Ramlilas – a theatrical adaptation of Lord Ram’s life that goes on for almost a week and concludes on the night of Vijayadashmi, are a major source of income for thousands of theatre artists during the festival season.
However, with popular actors and politicians like local MPs and MLAs being roped in to play roles, many artists who are already reeling under the ongoing pandemic-induced recession, are left with no choice but to look for other occupations.
Harshwardhan Kumar (name changed), a theatre student at the National School of Drama in Delhi said, “These popular faces are invited by big Ramlila committees, because smaller ones obviously cannot afford them. Now, I will not say that they have a huge impact on the livelihoods of theatre artists or the community at large but they do affect quite a handful of them, especially after Covid-19 when we are not getting many such opportunities to perform and get paid for it. Other than this, such acts discourage struggling artists.”
The Bharatiya Janata Party has several leaders who take to the stage to play prominent characters from Hindu mythology in Ramlilas — from famous actors-turned-politicians like Ravi Kishan and Manoj Tiwari to Leader of Opposition in the national capital Vijender Gupta, Delhi BJP General Secretary Kuljeet Chahal and former union ministers Vijay Sampala and Harsh Vardhan who essayed the role of Janak (Sita’s father) in Lav Kush Ramlila at Red Fort in 2018 and 2019.
Recently, Delhi BJP treasurer Vishnu Mittal urged politicians and popular actors who perform annually in Ramlilas not to do so as it takes away the employment opportunities from those whose livelihood is dependent on this profession.
Talking to IANS, he said, “I believe that one should stick to one’s job. Artists play smaller roles, which are then taken over by these big names. If such stars start withdrawing their names on their own, more space will be created for those who actually need the part.”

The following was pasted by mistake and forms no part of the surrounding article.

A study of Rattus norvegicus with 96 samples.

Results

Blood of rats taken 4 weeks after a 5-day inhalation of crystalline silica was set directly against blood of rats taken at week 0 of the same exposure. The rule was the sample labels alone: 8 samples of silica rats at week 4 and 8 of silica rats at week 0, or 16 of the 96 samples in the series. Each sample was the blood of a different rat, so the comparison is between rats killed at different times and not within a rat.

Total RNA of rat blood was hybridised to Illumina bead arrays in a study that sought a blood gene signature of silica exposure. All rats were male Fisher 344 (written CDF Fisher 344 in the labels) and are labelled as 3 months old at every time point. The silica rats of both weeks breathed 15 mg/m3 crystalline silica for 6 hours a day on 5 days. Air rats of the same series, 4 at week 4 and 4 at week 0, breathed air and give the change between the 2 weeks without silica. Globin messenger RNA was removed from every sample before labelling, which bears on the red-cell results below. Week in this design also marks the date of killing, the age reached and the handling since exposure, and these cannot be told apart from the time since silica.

Praveen Shankar Kapoor, Delhi BJP spokesperson, who agreed with Mittal had some other concerns. “Ramlila committees invite these big names from politics and entertainment industry to please them and gain more traction in terms of audience. Usually, the artists rehearse for weeks for such a programme but when a star politician or actor steps in there is no coordination as they have hardly ever rehearsed together. These big stars with controversial pasts fail to bring depth to the godly characters as their public perception is already formed.”
Reacting to the question, BJP Secretary Kuldeep Singh Chahal jokingly said, “It all happens as per Lord Ram’s will.”
However, actor-turned-politician and BJP MP from North East Delhi Manoj Tiwari who participates in Uttar Pradesh’s biggest Ramlila in Ayodhya, says that even some politicians’ households, including his own, is sustained by these plays only. “Hamara ghar bhi toh wahin se chalta hai. Politics toh sirf samaj seva hai (We also survive through such plays and performances. Politics is nothing but public service for us).”
BJP MLA Vijender Gupta, who has been performing since his college days, said, “I have represented University of Delhi and won over two dozen prizes then. It was only after three long decades that I went on stage. It seemed like a break because an artist never dies.”
Sobha Deepak Singh, Vice President of the Bharatiya Kala Kendra in Delhi, told IANS that due to the economic slowdown, salaries of artists are being cut. “We hire them on and off as and when there is an opportunity. The community is out of money and we are not getting any kind of help from anyone.”
When the Padma Shri awardee was asked what she thought about such an act of hijacking roles, she said, “I do not think this should happen. This is not right.”